This is an archived article that was published on sltrib.com in 2017, and information in the article may be outdated. It is provided only for personal research purposes and may not be reprinted.
Utah gun lovers won't get to carry a concealed firearm without a permit, and they can thank the National Rifle Association for the demise of the bill.
The NRA had supported the so-called "permitless carry" legislation when Rep. Lee Perry proposed it early in the session.
But Gov. Gary Herbert made clear that he would veto that bill, as he had before. So Perry came out with a new measure, HB237, aimed at trying to keep guns out of the hands of perpetrators of domestic violence, and the NRA flipped hard.
The group sent email blasts to its members urging them to oppose the bill, testifying against it and, according to Sen. Curt Bramble, the Senate sponsor of the bill, threatening to campaign against anyone who supported the measure.
It was so bad that earlier this session Bramble threw the NRA lobbyist out of his office after, the Provo Republican said, the lobbyist threatened to campaign against him.
So after meeting with Herbert on Wednesday morning just hours after the House passed HB237 Perry and Bramble have agreed to kill the NRA-opposed legislation.
Maybe that's a win for the NRA, but only if you count killing the group's own top priority for the session to be a victory.
"When the NRA comes to the state of Utah," Bramble said, "and dictates what the outcome will be, what they're going to do and how they're going to do it, without regard for the position of the Legislature or the governor, that's a bit heavy-handed."
Bramble said they would work on the bill over the next year and come up with one all sides can agree to "notwithstanding wherever the NRA will be next year."
Perry said there are too many important issues in the final week of the Legislature and "with this kind of pushback, I don't know if we can honestly go ahead and push it forward and expose senators to this kind of fight in the Senate."
"This is about promoting peace and doing the right thing for our state," said Perry, who is a Utah Highway Patrol lieutenant. "I'm a member [of the NRA] and most of the people who supported this are members, so to have this kind of pushback is disappointing."
The NRA identified several issues with the bill. One is that it doesn't allow a gun owner to carry a loaded concealed weapon without a permit. Under Utah law, the weapon would have to be unloaded, meaning a bullet can be in the magazine, but not in the firing chamber.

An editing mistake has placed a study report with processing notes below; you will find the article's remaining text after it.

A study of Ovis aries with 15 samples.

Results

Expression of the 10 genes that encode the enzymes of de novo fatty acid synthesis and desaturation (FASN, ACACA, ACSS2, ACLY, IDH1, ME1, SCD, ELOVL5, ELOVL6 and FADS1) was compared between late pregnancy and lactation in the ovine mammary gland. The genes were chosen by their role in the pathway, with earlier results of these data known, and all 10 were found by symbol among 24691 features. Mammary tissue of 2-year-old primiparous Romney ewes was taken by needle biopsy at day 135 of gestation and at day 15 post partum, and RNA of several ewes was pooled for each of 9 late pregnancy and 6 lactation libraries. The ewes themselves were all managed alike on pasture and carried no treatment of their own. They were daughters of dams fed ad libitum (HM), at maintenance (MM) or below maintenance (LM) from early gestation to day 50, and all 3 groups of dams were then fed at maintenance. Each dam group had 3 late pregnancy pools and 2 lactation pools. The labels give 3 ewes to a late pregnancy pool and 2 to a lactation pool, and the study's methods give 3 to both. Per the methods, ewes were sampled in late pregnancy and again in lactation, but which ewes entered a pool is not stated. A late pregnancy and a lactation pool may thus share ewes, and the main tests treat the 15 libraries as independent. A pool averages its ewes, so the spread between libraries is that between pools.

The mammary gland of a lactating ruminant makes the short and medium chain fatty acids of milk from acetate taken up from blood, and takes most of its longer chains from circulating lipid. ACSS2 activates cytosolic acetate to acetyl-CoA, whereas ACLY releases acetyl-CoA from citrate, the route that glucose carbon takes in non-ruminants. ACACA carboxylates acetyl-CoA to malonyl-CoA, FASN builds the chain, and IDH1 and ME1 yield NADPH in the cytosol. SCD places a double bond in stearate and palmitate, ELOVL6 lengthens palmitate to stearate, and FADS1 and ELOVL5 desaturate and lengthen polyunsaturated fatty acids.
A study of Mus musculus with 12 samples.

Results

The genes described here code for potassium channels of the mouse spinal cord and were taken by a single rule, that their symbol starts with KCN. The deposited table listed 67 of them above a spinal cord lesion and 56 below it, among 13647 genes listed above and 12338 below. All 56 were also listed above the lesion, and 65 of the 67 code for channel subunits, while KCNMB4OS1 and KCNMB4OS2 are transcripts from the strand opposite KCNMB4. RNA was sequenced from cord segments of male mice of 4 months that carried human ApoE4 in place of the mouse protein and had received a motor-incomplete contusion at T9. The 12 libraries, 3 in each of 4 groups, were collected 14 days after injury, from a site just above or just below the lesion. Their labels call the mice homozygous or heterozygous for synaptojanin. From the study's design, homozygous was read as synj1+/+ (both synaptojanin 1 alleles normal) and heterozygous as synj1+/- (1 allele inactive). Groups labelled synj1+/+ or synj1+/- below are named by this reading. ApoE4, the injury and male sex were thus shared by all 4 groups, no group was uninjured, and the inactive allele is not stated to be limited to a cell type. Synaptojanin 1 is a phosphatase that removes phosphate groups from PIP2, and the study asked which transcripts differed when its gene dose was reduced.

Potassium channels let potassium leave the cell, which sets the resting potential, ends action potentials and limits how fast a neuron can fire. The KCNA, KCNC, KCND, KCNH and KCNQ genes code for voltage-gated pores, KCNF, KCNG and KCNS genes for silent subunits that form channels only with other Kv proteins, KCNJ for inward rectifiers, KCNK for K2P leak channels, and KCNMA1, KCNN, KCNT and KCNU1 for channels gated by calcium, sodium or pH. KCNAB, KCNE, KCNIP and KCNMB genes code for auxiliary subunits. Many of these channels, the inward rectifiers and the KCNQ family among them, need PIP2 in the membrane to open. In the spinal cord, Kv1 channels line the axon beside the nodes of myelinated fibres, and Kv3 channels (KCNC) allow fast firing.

But that is really a red herring, since HB112, the measure that the NRA supported, also did not allow the permitless carry of a loaded gun.
The real issue is the domestic violence provisions. NRA representatives testified at the committee hearing that they don't like it being a class A misdemeanor for someone to have a gun during a domestic violence incident, even if he, or she but mostly he doesn't use it during the crime.
And they objected to an attempt to prevent people convicted of domestic violence from buying a gun, which is already illegal at the federal level and is a third-degree felony at the state level. Perry's bill would have required the store to notify police if the offense takes place.
Let that sink in: The NRA officials went so hard against a bill to keep guns out of the hands of people who beat up their spouses ignoring that about a third of Utah murders are domestic violence homicides that they killed their own top legislative priority.
"It's really difficult to defend that, if not impossible," said Jeremy Roberts, a gun-rights advocate, an NRA instructor and member and co-founder of a grass-roots group known as The Buckshot Caucus. "If anybody wants to know why we don't have permit-free carry in Utah, it's because of the NRA."